Whose Side Are You On, Anyway?
Perhaps by now you’ve seen (or heard) the rant Cincinnati Reds manager Bryan Price went on earlier this week (This is probably NSFW, even though it’s mostly bleeped, but I feel like I need to give you a sense of how displeased he really was). He was unhappy a Reds beat writer from the Cincinnati Enquirer had reported a player wasn’t with the team — a move he felt helped the Reds’ opponents, but hurt the Reds.
As much as I enjoy a good managerial rant (paging Lee Elia — again, VERY NSFW and NOT bleeped, but the best rant by a manager ever), Price brings up a point I don’t think enough people in sports understand (including Price himself): It’s not the media’s job to boost the team (and in the middle of Price berating the writer, the writer speaks up and says it’s not his job to promote the Reds or help them win).
I wrote a few weeks ago about the tendency toward what you might call “homerism” in sports writing: the idea that you can get so close to a team than objectivity wanes. Bryan Price is actively advocating for this — he feels he DESERVES the media’s help. But the opposite is true — and any writer who does that should have their press pass revoked.
There is a fine line, however, between writing every little tidbit one learns (an accusation Price makes with some very flowery language in his six-minute soliloquy) and posting only the most newsworthy items. And it’s a line that’s been blurred in the age of Twitter and the 24-7 news cycle. I don’t envy single-sport beat writers, frankly — theirs is a job that’s never been tougher or more cutthroat, in many ways.
But for us, working at Purdue, there are also questions about whether we can have an office on campus and still act as an independent news agency. In fact, when a story of ours aired on Morning Edition this week, host Steve Inskeep went to great lengths at the end (listen to the whole story, but pay attention to the last 13 seconds or so) to point out that we were not in the business of being a Purdue mouthpiece.
In the past, NPR has had a policy that if you worked at one of the hundreds of member stations set on college campuses around the country, you could not file a national piece about the university for which you worked. I had this happen to me when I was covering the Jameis Winston sexual assault case at Florida State University.
NPR sports correspondent Tom Goldman called me at my desk one day and wondered if I could do some work on the story. I told him I’d be happy to and went to get copies of the hundreds of pages of documents filed with the county prosecutor’s office. But later, Tom had to call me back and explain the policy. He was as nice about it as he possibly could have been and he apologized profusely. But there I was, sending the documents to his home in Oregon so he could do the story, while I was already on campus.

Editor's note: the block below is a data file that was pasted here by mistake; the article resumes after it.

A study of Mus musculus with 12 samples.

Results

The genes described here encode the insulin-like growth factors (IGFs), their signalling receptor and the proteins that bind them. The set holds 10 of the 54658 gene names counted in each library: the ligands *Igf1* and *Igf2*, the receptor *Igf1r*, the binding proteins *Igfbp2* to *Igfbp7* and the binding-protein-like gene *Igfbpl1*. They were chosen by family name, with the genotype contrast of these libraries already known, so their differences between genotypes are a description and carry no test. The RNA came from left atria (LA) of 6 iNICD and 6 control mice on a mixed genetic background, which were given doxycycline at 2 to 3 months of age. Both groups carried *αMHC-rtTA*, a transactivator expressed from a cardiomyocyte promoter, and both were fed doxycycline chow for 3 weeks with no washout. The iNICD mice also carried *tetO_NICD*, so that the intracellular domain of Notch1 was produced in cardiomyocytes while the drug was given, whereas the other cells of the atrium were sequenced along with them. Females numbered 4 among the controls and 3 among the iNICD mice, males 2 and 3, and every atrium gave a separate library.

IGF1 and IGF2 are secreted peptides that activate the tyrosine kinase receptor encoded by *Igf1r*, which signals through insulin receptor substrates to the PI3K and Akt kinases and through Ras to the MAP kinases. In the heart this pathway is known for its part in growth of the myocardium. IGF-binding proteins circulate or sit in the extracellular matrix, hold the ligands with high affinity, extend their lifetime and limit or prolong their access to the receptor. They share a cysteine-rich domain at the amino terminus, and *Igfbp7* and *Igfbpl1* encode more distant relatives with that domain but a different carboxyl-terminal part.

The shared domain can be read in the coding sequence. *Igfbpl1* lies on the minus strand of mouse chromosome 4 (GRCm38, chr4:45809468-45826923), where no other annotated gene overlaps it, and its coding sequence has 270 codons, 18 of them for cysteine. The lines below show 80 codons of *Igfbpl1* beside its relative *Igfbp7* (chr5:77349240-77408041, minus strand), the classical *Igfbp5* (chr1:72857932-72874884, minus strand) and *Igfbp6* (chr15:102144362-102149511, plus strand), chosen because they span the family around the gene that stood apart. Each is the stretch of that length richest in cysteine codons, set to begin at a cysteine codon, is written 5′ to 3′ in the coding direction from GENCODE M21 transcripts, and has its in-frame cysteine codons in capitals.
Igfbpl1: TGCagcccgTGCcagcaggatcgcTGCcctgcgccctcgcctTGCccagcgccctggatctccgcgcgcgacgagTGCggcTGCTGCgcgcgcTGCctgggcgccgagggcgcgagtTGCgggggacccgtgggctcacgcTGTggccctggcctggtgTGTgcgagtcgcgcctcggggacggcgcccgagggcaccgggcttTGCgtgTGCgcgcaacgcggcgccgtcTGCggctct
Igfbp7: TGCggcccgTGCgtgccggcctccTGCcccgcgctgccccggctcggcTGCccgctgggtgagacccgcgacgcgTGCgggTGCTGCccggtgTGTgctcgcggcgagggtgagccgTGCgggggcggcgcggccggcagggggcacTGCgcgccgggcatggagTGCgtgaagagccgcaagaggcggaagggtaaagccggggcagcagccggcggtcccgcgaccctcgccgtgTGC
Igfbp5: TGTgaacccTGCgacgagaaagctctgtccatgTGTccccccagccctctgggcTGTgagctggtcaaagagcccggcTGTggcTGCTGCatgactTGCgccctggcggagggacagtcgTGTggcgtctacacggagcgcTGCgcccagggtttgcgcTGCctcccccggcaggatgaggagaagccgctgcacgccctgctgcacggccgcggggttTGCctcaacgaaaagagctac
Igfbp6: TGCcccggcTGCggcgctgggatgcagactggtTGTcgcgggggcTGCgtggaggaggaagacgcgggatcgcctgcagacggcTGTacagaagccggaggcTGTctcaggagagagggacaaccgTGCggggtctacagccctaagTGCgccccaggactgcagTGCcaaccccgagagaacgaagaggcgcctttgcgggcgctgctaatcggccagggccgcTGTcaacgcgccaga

As you may know, we’ve just completed our first season of our sports talk show, Off The Field With Morgan Burke, where I spent half an hour every other week with Purdue’s athletics director talking about the big issues in the wider world of sports. When Morgan and his team agreed to do the show, it was with the up-front understanding that it wouldn’t be a promotional piece for the school. We set that out before any tapings were done, just so everyone was on the same page. Inevitably, we talked about a lot of Purdue goings-on, but we always tried to steer back to how athletics departments have to make some tough choices in today’s world of intercollegiate athletics.
Understand that Morgan has been doing his job for a long time and is plenty shrewd — he did a good job of shoehorning in points he thought were positive about Purdue. It’s part of his job to be the biggest booster Purdue athletics can have. But that makes it all the more important that I do my job and ask tough questions — in some cases ones he probably doesn’t want to answer.
This gets us back to Bryan Price. He could have said whatever he wanted in his interviews with the beat writers. He did a much poorer job strategizing than he could have. Interviewees can say whatever they want and journalists can ask whatever questions they want — those are the rules of most good interviews. And it’s only when someone chooses to step out of line (either through homerism, through berating others’ job performance or through trying not to answer questions they feel are too sensitive) that it becomes obvious when one side isn’t doing its job well enough.
All this to say: hold WBAA News to a high standard when it comes to covering Purdue. Odds are our standards are even more stringent than you realize.